A White House official on Saturday denied reports that the visiting delegation of Trump administration officials told Palestinian Authority President Mahmoud Abbas this week that a freeze on Israeli settlement building was impossible as it would topple the government of Prime Minister Benjamin Netanyahu.
PA officials told the pan-Arab newspaper al-Hayat that the Trump administration delegation made the remarks to Abbas during their meeting in Ramallah on Thursday, indicating that a settlement freeze could not be a precondition for resumed peace talks and that building would thus continue.
“This is nonsense,” a senior White House official told The Times of Israel. “These comments were never made.”
Al-Hayat said the US delegation did not make significant progress in its bid to revive the stagnated Israeli-Palestinian peace process, and told the Palestinian leader it would work to strengthen economic, security and diplomatic ties between Israel and the PA before any talks would resume.
White House adviser and Trump’s son-in-law Jared Kushner, peace envoy Jason Greenblatt and Deputy National Security Adviser for Strategy Dina Powell met with Abbas on Thursday as part of a trip to the region aimed at looking for way to jumpstart peace talks.
For weeks, Palestinian officials had expressed pessimism at US peace efforts, and Abbas had reportedly sought a US commitment to endorse the two-state solution.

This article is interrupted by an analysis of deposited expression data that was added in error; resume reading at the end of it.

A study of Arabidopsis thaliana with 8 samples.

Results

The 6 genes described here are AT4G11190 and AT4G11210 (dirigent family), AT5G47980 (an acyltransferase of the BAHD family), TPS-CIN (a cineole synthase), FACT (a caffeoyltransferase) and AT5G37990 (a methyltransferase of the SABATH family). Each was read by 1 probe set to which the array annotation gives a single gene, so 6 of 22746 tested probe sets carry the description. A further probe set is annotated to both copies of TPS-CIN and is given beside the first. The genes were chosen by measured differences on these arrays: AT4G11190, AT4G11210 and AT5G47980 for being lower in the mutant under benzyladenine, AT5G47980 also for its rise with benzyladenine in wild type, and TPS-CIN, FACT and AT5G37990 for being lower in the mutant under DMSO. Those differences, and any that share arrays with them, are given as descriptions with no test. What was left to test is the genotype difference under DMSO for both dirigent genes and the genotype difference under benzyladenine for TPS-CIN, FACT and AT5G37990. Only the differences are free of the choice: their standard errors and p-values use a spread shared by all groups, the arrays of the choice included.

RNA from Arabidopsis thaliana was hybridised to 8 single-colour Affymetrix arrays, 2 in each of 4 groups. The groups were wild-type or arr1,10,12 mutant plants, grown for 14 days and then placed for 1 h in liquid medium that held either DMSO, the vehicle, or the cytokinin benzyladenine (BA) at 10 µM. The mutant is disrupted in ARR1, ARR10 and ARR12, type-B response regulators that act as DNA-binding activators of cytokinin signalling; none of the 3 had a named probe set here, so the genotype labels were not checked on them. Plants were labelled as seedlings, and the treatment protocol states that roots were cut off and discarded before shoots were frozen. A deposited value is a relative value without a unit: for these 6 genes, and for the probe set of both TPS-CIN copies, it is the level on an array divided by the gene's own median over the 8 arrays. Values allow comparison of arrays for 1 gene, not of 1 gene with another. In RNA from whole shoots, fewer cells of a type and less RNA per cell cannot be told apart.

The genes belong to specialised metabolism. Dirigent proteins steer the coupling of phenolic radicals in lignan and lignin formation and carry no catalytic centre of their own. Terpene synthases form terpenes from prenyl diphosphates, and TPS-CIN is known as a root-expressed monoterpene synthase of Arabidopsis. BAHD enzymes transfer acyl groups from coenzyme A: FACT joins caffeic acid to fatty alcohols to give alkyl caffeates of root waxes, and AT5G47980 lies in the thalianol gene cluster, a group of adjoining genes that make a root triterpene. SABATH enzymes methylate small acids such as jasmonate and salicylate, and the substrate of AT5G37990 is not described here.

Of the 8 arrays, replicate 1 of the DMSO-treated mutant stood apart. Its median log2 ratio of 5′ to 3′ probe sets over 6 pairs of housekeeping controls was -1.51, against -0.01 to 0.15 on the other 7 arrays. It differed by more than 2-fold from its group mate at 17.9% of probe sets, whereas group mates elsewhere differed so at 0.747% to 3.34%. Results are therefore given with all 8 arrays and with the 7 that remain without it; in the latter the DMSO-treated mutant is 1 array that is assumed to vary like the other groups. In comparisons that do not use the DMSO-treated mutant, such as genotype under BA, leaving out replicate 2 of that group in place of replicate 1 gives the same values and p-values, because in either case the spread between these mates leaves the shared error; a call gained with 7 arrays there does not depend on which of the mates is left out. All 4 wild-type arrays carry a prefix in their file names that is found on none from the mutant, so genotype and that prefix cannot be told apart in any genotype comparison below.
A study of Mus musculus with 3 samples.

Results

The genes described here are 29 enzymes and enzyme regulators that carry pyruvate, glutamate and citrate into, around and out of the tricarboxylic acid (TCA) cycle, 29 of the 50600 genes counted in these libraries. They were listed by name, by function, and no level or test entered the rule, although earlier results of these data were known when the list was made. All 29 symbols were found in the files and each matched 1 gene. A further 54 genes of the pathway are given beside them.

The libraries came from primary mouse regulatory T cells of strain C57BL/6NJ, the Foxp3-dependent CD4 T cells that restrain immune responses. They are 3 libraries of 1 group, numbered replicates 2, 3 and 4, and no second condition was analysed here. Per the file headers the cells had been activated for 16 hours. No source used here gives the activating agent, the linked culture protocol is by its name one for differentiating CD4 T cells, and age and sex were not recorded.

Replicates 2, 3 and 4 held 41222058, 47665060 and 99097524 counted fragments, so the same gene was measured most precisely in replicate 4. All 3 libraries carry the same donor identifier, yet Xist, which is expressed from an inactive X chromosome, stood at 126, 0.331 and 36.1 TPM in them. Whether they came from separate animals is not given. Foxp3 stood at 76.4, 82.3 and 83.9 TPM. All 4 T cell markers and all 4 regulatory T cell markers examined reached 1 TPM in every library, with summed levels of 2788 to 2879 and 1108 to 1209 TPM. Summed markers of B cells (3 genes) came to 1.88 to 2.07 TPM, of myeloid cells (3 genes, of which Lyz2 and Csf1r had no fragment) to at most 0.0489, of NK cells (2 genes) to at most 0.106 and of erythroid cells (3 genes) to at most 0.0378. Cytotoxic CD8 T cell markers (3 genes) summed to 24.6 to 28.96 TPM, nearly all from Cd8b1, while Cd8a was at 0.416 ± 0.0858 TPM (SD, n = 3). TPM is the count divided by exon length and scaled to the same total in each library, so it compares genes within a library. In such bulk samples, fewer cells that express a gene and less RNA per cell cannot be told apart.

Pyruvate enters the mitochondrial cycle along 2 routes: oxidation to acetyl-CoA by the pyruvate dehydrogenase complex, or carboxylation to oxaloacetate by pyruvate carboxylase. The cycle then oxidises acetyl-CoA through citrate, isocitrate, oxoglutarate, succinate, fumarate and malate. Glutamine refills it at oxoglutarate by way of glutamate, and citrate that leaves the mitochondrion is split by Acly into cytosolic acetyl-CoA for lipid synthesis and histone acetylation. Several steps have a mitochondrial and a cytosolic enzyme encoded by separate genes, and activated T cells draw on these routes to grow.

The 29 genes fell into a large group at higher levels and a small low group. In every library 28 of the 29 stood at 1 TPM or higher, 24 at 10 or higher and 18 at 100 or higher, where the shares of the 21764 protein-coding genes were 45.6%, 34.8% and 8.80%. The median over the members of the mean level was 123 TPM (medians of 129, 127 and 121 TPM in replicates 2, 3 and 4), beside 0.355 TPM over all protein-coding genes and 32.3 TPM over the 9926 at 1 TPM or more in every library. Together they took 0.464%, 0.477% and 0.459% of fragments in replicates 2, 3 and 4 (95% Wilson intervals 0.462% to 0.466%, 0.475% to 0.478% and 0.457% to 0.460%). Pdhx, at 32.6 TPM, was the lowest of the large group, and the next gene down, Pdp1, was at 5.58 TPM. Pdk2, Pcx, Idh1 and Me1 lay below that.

The delegation indicated openness to the notion of a two-state solution, but did not indicate a commitment to Palestinian statehood based on the pre-1967 lines, according to the al-Hayat report.
Channel 10 reported Saturday night that the Palestinians, for their part, made clear to the Americans that they do not intend to halt their payments of stipends to Palestinian prisoners in Israeli jails.
Despite a State Department spokesperson declining to endorse a two-state solution a day before the meetings, Abbas on Thursday still gave the US team his vote of confidence in official remarks. Abbas expressed optimism that a deal with Israel could be reached with the help of “sincere” efforts from the Trump administration.
“We affirm that this [US] delegation is working toward peace, and we are working with it to achieve soon what Trump called the ‘peace deal,’” Abbas said.
In his remarks carried by the official PA news outlet, Wafa, Kushner did not mention a two-state solution and only offered vague sentiments about peace in the future.
“President Trump is very optimistic and hopes for a better future for the Palestinian people and the Israeli people,” Kushner said.
“We hope they can work together and live together for many years and have a much better life,” he added.
A joint statement issued after the Ramallah talks stated: “The Palestinian Authority and the US delegation had a productive meeting focused on how to begin substantive Israeli-Palestinian peace talks. Both sides agreed to continue with the US-led conversations as the best way to reach a comprehensive peace deal.”
The delegation arrived in Israel after several meetings with other leaders around the Middle East on the topic, including in Egypt, Saudi Arabia and Jordan.
Before meeting with Abbas on Thursday, the delegation met with Netanyahu in Tel Aviv, where Kushner told the prime minister that Trump is “very committed” to help broker a peace deal.
Kushner also said “the relationship between Israel and America is stronger than ever and we really thank Prime Minister Netanyahu for his leadership and his partnership.”
Netanyahu in response said he believed peace with the Palestinians was “within our reach.”